Please make sure that you are on the correct blog. This is for faculty and staff with five years or more at an early college.
As you are aware, one of our signature elements at Cross Creek is the use of a common instructional framework. While it was originally labeled the "CIF" and later as the "Aligned Instructional Strategies," the overall premise was (and continues to be) the faculty and staff share a common framework/language that guides the school's instructional methodology.
For some of us, the use of the early college instructional framework as the guiding principle of practice has been in use for so long, it's innate. But for a few moments, step back to the past and think about your other teaching positions at the traditional high school. If you were employed at a CCS school perhaps you experienced the "Creating Great Classrooms" training. (Editor's note: I loved it because it was my first exposure to a research-backed "plan" of teaching) To a degree, there was "commonality" of language, implementation, and practice. However, there were problems of sustainability when the PD ended and new hires did not receive the training. What does the common instructional language, if any, at a traditional high school look like in 2018?
Our framework provides structure for the inherently unique early college setting and promotes sustainability through expectations of use by all faculty. Cross Creek opened in 2005 and, for the most part, the framework within our school has remained stable. What role does the veteran teacher play in promoting the framework to new hires so that the common language, plan, and purpose continue?
For a refresher and rationale reminder on the JFF Common Instructional Framework, click on this Edutopia article "Six Strategies" button to the right.
For the current Cross Creek "Instructional Strategies Guide" click on "Strategies Guide" button to the right.
We will be using a presentation tech tool Emaze for this assignment. If you are not familiar with the tool- explore, have fun, and get creative!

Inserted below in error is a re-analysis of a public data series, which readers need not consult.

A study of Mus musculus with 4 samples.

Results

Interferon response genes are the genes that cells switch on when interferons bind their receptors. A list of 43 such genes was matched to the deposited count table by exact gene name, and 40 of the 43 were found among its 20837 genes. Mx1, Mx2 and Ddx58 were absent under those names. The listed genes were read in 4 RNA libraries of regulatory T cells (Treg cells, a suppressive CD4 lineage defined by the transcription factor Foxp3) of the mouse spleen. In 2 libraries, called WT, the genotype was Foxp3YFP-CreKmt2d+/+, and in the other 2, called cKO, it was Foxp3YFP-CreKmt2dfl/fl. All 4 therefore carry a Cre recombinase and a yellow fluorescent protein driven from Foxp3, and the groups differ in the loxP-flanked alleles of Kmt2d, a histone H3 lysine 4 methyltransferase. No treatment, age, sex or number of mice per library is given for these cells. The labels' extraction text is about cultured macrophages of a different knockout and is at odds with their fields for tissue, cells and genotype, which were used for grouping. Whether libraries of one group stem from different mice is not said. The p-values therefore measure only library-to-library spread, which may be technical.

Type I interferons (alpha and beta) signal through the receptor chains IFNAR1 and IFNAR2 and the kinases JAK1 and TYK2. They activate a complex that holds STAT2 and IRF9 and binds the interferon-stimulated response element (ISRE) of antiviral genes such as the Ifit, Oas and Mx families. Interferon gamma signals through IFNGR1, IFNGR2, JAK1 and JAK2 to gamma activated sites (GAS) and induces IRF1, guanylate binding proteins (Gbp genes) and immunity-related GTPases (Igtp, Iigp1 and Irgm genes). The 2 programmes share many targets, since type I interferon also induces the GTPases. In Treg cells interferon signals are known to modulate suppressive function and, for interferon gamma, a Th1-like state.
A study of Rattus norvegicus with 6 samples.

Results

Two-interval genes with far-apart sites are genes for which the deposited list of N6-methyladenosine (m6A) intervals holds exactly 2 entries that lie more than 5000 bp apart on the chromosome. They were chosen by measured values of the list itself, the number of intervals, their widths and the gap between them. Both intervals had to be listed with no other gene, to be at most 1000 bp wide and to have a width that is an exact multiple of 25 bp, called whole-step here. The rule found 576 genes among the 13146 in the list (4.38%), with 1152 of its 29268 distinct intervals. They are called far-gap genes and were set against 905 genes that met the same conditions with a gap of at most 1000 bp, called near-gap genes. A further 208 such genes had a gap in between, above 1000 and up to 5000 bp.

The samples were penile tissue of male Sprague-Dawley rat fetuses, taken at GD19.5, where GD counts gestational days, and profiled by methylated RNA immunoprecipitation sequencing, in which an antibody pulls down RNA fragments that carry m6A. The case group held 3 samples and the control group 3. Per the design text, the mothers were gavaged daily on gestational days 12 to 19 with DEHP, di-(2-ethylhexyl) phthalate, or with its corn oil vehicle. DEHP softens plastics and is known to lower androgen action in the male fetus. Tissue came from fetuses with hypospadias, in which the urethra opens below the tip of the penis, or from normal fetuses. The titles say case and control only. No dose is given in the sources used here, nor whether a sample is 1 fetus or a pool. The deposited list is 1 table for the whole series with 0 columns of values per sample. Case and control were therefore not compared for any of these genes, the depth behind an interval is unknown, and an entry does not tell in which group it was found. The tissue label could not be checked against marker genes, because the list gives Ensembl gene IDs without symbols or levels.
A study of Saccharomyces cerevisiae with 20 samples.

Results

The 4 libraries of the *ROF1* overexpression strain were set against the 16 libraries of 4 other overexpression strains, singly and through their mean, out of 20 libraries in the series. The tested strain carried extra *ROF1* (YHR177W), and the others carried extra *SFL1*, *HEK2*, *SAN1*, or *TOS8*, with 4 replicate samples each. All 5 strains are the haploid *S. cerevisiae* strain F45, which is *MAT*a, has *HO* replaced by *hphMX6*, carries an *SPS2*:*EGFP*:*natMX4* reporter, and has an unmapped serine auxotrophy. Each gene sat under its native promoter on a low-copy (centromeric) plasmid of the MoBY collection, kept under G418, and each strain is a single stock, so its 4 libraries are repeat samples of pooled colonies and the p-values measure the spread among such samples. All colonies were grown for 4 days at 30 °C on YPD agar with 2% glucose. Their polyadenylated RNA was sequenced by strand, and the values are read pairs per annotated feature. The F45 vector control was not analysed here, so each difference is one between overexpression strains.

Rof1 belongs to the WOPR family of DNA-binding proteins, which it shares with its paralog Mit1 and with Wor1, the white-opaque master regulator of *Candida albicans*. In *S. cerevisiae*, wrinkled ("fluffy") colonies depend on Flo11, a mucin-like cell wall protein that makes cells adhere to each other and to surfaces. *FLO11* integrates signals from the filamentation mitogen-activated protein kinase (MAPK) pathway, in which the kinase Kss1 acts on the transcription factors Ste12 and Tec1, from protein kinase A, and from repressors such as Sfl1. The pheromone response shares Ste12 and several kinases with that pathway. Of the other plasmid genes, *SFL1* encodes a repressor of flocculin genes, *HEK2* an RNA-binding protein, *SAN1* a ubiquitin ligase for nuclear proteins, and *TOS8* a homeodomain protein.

For a quick introduction and instruction video, click on the "Emaze Intro" button to the right.
For instructions on your assignment, click on the "Assignment" button to the right. It's a good example of a basic Emaze presentation. (I also have the instructions in written form below.)
To sign up (free!) and create, click on EMAZE.
Veteran EMAZE Presentation Instructions- Aligned Instructional Strategies
For this assignment, you will complete a presentation using EMAZE. The objective is for you to create an (up to seven slide) EMAZE presentation and share what you know about the assigned strategy. Limit the presentation portion to 5 minutes. (Suggestion- the presentation can include a short description, rationale, and example protocol(s) that support the strategy.) Your first slide should have a title with your name and the rest is up to you.
See my Emaze "Assignment" presentation as an example sample.
1. Assigned strategies:
Shields: Overview of the six strategies (general overview of the six is just fine)
Hasapis: Collaboration for Learning
Huffman: Discussion for Learning
McGinnis: Reading for Learning
Merritt: Writing for Learning
Hosking: Feedback for Learning
Rivera: Questioning for Learning
2. The presentation should be no longer than 7 slides, 5 minutes as you will be giving your Emaze presentation to colleagues on January 22nd at the faculty meeting.
3. Be prepared to comment on how you could/would use EMAZE in the classroom OR specific examples or suggestions on how your students could use it.
Feel free to contact me with questions.